Submitted By: 1boss
Date Submitted: 03-04-14



2014. This, we are told, is the year female rappers are going to break their way back into the mainstream, ending a long period of silence for women in the industry. Now it's true that many people had high hopes for 2013, too. And 2012 was also said to be promising. But 2014, with anticipated releases from a bevy of up-and-coming women artists and a couple of established veterans, is going to be different. That's certainly the hope anyway, and the narrative, once again, as we head into the spring of a new year.

I'm not so sure.

I am sure, however, that the perennial discussions about whether, at long last, we will see a resurgence of women artists within the hip-hop industry raise important questions. While there are plenty of talented women rapping today, you'd be hard pressed to name them if your sense of the industry is shaped by radio rotations, music videos, or Billboard charts. Indeed, when Nicki Minaj's Pink Friday was certified platinum at the end of 2010, it was the first solo album by a female MC to reach that milestone in eight long years. Minaj went platinum again in 2012 with Pink Friday: Roman Reloaded, but her commercial success over the last decade has stood as an exception to the unwritten rule that women rappers no longer have a place among elite artists.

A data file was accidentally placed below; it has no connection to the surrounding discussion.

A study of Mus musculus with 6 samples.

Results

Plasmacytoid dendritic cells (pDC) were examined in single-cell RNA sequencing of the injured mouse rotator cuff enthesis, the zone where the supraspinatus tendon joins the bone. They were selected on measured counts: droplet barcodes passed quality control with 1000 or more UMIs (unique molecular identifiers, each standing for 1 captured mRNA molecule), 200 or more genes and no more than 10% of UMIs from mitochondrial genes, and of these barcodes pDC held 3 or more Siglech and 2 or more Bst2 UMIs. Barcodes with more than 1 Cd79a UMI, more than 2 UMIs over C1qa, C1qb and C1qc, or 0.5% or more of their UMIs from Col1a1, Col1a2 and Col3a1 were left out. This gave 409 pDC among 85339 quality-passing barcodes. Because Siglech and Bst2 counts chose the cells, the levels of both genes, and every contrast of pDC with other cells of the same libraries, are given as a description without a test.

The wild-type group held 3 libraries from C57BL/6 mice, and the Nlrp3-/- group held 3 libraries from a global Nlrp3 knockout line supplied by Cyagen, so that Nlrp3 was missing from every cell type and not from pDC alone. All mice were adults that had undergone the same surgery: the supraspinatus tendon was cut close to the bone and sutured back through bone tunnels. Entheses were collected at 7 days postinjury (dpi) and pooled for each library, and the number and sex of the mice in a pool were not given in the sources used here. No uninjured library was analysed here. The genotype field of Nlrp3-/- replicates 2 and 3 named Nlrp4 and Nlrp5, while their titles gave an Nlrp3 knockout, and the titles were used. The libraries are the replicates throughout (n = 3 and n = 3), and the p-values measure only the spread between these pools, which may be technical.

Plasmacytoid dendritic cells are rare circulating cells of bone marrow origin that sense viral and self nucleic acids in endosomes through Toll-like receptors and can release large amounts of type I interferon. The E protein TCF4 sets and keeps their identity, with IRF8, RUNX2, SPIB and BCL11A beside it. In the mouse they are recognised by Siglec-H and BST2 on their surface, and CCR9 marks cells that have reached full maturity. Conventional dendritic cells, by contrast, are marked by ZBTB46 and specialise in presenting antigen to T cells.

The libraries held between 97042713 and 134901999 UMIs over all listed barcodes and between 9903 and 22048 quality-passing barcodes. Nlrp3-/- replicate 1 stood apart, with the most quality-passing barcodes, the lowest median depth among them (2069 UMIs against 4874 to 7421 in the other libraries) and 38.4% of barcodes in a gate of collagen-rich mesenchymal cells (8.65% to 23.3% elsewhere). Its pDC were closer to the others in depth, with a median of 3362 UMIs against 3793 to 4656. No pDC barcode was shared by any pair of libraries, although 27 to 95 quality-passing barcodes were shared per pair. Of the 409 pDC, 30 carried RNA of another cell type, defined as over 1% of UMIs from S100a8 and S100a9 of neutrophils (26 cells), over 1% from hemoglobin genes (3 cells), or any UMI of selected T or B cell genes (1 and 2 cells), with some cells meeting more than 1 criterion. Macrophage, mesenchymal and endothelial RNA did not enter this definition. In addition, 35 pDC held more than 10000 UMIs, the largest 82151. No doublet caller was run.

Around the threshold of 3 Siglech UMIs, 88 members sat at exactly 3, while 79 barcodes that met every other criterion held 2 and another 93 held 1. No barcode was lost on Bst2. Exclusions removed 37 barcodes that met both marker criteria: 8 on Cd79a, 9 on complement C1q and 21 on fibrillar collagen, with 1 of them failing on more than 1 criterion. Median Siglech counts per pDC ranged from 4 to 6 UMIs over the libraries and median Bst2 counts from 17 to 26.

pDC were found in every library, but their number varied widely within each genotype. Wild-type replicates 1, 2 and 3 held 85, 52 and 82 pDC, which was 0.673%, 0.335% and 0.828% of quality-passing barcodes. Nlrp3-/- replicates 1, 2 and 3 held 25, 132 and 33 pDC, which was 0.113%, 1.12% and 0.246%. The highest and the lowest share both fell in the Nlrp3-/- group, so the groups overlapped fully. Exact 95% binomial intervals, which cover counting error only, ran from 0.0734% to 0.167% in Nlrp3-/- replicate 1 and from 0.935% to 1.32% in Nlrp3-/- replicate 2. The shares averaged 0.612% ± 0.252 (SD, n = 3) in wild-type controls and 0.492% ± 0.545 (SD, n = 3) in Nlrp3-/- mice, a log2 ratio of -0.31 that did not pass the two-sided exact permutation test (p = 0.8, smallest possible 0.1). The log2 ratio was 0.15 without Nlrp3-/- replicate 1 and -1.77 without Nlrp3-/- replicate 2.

It wasn't always like this. While there's no escaping that rap music has been dominated by men, there was a time when women were a far more significant presence, allowing (or forcing) the genre to be defined, at least in part, by a woman's perspective. Consider, for example, the decade leading up to 2003, the last year a female artist (Lil' Kim) had a platinum album before Nicki Minaj. In that time, a number of women went platinum, including Salt-n-Pepa, Da Brat, Foxy Brown, Eve, Lauryn Hill and industry powerhouse Missy Elliott. Alongside these artists, critically acclaimed performers like MC Lyte and Queen Latifah were also releasing albums on major labels, often achieving commercial success in the process. And many of the major crews had a woman artist (even if just one): Death Row had Lady of Rage, Flipmode Squad had Rah Digga, Native Tongues had Monie Love (and Latifah) and so on. There were enough women recording, touring, and getting radio airplay that in 2003, the Grammys took notice and created a new category for Best Female Rap Solo Performance.

Just two years later, however, that category was eliminated, with Grammy representatives citing a precipitous decline in the number of female artists in the industry who could compete for the award. BET and VH1 made similar arguments for dumping female categories from their hip-hop awards shows as well. While cutting these awards undoubtedly exacerbated the decline in the years to follow, there's little doubt that women were indeed vanishing from mainstream hip-hop.According to Ana DuVernay, who directed the 2010 documentary My Mic Sounds Nice: The Truth About Women in Hip Hop, the numbers tell it all: whereas in the late 1980s and early 1990s there were more than 40 women signed to major labels, in 2010 there were just three.